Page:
Installing snap on CentOS

Snap is available for CentOS 8 and CentOS 7, from the 7.6 release onwards. It’s also available for Red Hat Enterprise Linux (RHEL) 7.6+ (see Installing snap on Red Hat Enterprise Linux).

The packages for CentOS 8 and CentOS 7 are in each distribution’s respective Extra Packages for Enterprise Linux (EPEL) repository. The instructions for adding this repository diverge slightly between CentOS 8 and CentOS 7, which is why they’re listed separately below.

:information_source: If you need to know which version of CentOS you’re running, type cat /etc/centos-release.

If you don’t already have the CentOS repository added to your distribution, it can be added as follows:

Adding EPEL to CentOS 8

The EPEL repository can be added to a CentOS 8 system with the following command:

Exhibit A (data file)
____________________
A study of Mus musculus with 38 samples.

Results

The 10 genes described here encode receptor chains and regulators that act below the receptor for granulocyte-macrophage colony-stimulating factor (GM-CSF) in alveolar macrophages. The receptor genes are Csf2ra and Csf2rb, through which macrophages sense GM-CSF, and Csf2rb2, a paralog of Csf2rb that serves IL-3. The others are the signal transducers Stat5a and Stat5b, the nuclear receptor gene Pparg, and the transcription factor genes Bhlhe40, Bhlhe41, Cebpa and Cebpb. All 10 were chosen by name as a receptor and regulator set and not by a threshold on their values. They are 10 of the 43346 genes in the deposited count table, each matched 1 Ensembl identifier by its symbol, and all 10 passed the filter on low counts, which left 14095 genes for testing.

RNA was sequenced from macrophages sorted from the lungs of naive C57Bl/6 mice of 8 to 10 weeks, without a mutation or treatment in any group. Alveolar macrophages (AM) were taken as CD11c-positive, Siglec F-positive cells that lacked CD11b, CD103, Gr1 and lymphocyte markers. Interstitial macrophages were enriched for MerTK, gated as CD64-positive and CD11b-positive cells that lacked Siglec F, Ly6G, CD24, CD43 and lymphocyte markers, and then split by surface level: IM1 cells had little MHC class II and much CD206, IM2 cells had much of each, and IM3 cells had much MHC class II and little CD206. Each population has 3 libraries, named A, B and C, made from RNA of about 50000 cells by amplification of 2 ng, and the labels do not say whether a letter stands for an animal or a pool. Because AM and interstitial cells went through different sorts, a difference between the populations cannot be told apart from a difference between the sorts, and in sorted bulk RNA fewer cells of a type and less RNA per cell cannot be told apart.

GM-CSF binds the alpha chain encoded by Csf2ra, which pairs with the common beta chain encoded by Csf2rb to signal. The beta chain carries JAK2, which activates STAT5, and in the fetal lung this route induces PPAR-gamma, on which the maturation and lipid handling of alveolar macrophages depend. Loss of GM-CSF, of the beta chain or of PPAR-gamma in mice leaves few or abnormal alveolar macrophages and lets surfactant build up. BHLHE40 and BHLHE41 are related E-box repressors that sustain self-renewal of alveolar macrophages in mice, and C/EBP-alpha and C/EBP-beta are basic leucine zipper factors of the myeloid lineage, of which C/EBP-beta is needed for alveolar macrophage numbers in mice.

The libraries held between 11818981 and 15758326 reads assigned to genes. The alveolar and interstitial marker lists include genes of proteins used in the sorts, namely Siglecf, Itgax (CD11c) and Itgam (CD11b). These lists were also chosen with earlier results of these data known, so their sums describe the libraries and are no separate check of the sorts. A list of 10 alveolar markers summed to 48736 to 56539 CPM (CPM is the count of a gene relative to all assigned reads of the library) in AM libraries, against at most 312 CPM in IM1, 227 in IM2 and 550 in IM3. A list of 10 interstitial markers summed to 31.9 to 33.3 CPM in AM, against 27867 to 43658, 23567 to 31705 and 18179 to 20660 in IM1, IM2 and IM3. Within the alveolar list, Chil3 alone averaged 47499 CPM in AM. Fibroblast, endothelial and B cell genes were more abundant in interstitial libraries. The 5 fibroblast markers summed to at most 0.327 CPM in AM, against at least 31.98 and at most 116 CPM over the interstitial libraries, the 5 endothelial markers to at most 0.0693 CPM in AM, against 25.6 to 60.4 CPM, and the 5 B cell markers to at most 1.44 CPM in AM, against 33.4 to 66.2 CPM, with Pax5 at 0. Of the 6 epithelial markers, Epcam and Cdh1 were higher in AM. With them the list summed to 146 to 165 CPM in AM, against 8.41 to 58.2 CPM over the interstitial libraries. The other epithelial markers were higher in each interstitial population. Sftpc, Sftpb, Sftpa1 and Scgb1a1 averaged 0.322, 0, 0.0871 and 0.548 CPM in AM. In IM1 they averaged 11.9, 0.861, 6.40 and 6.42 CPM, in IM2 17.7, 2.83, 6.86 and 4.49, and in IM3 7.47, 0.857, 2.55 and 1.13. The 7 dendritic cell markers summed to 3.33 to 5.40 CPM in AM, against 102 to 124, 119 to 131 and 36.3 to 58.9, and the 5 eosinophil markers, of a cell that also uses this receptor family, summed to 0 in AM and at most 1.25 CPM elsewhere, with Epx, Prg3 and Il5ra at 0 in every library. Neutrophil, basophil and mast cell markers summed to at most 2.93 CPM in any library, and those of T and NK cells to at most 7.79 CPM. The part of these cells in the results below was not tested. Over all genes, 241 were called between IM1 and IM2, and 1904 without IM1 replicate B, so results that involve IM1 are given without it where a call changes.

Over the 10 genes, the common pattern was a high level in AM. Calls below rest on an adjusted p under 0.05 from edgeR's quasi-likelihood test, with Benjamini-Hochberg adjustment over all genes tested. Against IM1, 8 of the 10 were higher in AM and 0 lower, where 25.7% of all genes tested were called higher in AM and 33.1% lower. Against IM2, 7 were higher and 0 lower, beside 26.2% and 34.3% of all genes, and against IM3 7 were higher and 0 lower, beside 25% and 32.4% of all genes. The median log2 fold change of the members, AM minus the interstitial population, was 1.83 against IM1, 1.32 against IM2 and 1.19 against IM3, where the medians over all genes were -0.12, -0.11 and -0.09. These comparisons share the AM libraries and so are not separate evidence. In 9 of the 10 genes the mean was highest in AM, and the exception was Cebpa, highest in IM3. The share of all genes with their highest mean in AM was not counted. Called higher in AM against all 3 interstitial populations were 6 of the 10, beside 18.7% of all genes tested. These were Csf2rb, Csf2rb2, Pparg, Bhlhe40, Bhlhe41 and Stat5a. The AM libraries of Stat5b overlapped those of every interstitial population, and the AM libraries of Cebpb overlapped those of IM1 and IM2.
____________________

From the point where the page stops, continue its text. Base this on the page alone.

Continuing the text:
$ sudo dnf install epel-release
$ sudo dnf upgrade

:information_source: If you’re interested in understanding how these packages are built, see Building a snap RPM for Red Hat Enterprise Linux (RHEL) 8.

Adding EPEL to CentOS 7

The EPEL repository can be added to a CentOS 7 system with the following command:

$ sudo yum install epel-release

Installing snapd

With the EPEL repository added to your CentOS installation, simply install the snapd package:

$ sudo yum install snapd

Once installed, the systemd unit that manages the main snap communication socket needs to be enabled:

$ sudo systemctl enable --now snapd.socket

To enable classic snap support, enter the following to create a symbolic link between /var/lib/snapd/snap and /snap:

$ sudo ln -s /var/lib/snapd/snap /snap

Either log out and back in again or restart your system to ensure snap’s paths are updated correctly.

Snap is now installed and ready to go! If you’re using a desktop, a great next step is to install the Snap Store app.

Last updated 20 days ago. Help improve this document in the forum.